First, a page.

2021
Human-wildlife conflict under climate change
Human-wildlife conflict—defined here as direct interactions between humans and wildlife with adverse outcomes—costs the global economy billions of dollars annually, threatens human lives and livelihoods, and is a leading cause of biodiversity loss. These clashes largely stem from the co-occurrence of humans and wildlife seeking limited resources in shared landscapes and often has unforeseen consequences.
30 07
2021
Brazil - Frosts damage specialty crops
Another week, another round of frost for southern Brazil. This week, temperatures are lower than the previous two events. Temperatures as low as minus 5 degrees Celsius (23 degrees Fahrenheit) have and may occur in the stretch of mornings between July 28 and July 30.
30 07
2021
Canada - Drought prompts early start to Sask harvest
The latest crop report says hot dry weather has accelerated crop development and some farmers have started combining. Estimated yields for many crops across the province are expected to be well below average. Any rain now won’t improve yields but would have a positive effect next year.
30 07
2021
Brazil - Coffee, cane and orange crops at risk as temperatures plunge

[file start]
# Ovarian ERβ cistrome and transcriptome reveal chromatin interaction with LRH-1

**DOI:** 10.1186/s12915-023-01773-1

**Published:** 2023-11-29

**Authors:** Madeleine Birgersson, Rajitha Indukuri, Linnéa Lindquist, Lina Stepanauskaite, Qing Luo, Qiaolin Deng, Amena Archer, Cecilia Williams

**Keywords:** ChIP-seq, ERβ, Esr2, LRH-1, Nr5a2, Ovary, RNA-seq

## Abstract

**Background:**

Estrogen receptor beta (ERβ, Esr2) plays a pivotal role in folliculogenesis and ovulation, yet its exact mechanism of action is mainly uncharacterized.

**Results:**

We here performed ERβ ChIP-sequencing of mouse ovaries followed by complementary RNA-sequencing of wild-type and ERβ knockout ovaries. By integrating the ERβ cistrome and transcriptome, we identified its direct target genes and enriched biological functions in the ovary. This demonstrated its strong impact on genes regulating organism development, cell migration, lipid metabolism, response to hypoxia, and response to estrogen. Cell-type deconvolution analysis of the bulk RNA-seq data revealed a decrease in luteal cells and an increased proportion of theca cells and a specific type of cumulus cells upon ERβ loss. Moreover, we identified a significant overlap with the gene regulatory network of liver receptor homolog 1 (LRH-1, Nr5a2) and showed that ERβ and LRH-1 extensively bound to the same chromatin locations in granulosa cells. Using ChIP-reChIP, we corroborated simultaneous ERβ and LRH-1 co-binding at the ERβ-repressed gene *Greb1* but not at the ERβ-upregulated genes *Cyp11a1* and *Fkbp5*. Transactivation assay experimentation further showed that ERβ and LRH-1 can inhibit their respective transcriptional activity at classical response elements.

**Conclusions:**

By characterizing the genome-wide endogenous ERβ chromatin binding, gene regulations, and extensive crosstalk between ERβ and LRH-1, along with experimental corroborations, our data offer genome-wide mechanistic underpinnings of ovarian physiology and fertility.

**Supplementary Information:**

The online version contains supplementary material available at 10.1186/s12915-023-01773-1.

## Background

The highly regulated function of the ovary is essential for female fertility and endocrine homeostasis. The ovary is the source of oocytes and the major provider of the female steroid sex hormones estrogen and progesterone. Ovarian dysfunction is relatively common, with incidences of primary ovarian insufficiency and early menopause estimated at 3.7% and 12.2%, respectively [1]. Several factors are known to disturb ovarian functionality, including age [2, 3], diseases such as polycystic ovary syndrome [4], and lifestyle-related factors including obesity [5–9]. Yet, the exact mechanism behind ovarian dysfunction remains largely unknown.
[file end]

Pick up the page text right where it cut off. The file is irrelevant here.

Temperatures fell in swathes of Brazil on Thursday - with rare snowfall overnight in some places - as a polar air mass advanced toward the center-south of the global agricultural powerhouse, threatening coffee, sugarcane and orange crops with frosts.
30 07
2021
USA - 2020 Iowa drought & derecho destroyed $802 million worth of crops
A new report has shed some light on the financial impact last year’s drought and derecho in Iowa – two severe weather events that decimated millions of acres of corn, soybean and pasturelands. According to the American Farm Bureau, crop insurance covered almost $560 million in losses, while Iowa farmers were responsible for covering the remaining $243 million themselves.
30 07
2021
New Zealand - Mussel farmers millions of dollars out of pocket after storms
The storm which caused widespread flooding across the top of the South Island has also had a devastating impact on mussel farms in the region. The clean-up is estimated to take weeks and cost mussel farmers millions of dollars. When the wild weather subsided, it left behind a tangled mess of mussel lines on a number of farms in Tasman Bay.